Alberta’s housing market continues to hold top spot in all of Canada, sitting “head-and-shoulders” above the rest of the province in several economic categories.
The province’s place at the top of the national outlook is the topic of a recent release from BMO Capital Markets, which points to employment, wages and interprovincial migration as the biggest reasons for the province’s prosperity.
“While a number of Canadian economic indicators have stagnated in the past year, Alberta has bucked the trend with improving momentum. In fact, the province sits head-andshoulders above the rest of the pack on a variety of measures,” said BMO Senior Economist Robert Kavcic. “What was traditionally a ‘West versus the Rest’ comparison has now morphed into ‘Alberta versus the Rest’.”
In addition to being the only province expected to post GDP growth in excess of three per cent in 2014, the number of new residents arriving in the province might be Alberta’s biggest advantage. With nearly 50,000 interprovincial migrants, year-overyear population growth in the province has surged to 3.5 per cent, the fastest pace in more than 30 years.
According to Kavcic, the reason why Alberta is drawing so many residents from other provinces is the relative success found in the local job market. At 4.3 per cent, Alberta’s unemployment rate is fully 2.7 percentage points below the national average. Albertans also take home $6 more an hour compared to those in Atlantic Canada.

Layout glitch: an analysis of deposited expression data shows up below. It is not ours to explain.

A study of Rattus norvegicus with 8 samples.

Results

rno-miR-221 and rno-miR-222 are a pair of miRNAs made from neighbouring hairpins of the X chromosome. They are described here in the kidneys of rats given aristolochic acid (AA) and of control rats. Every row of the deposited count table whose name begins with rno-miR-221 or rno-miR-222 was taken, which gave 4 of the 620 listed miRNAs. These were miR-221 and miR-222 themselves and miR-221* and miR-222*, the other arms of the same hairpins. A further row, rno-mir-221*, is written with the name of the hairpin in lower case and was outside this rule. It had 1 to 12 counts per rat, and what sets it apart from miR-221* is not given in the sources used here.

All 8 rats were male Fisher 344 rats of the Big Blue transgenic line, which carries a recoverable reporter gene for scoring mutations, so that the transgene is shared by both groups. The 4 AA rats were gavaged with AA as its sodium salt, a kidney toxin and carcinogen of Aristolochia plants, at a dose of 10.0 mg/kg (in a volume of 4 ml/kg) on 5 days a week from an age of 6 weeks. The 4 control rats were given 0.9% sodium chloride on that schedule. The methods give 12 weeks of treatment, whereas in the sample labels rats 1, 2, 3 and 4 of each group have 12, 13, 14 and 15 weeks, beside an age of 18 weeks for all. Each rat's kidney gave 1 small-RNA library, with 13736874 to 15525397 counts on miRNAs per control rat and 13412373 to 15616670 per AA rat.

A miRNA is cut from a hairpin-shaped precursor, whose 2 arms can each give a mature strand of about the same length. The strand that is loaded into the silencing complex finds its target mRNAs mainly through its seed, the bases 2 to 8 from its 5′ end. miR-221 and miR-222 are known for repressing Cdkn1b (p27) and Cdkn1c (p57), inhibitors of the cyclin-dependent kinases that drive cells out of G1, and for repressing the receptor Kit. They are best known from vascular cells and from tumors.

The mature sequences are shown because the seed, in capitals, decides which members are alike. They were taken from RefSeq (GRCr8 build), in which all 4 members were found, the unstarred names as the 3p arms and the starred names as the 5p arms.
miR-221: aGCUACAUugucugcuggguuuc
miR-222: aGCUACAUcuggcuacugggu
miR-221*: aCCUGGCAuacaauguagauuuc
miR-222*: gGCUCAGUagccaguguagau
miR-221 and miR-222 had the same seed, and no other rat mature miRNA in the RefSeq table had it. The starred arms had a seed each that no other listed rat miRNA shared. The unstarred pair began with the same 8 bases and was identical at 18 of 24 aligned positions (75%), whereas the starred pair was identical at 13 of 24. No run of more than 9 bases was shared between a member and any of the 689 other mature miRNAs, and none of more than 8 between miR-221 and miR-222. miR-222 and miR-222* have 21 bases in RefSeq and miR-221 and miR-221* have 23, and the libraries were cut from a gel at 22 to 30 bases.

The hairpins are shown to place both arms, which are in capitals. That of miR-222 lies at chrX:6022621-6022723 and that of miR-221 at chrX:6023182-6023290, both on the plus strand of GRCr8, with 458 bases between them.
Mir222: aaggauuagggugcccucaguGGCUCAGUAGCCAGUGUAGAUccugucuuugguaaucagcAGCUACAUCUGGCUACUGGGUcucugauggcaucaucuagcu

The resulting situation is one that sees demand for housing in the province, particularly in Calgary, rising steadily. Benchmark prices in Calgary are up a strong nine per cent year-over-year and, despite a slight (-1.1 per cent) drop in new listings, sales in the city have increased by 12.2 per cent. However, Kavcic was quick to quell any notions that the Calgary market was reaching the heated levels seen in past years.
“The surge in population growth has strengthened demand and, combined with a steady decline in new listings, has lifted the sales-to-new listings ratio more than a full standard deviation above historical norms—and miles above the national average. Edmonton remains relatively balanced. Still, we’re a long way away from the extreme conditions seen in 2006/07, when almost all new listings were being immediately absorbed, and it’s unlikely that the market is destined to revisit those conditions.”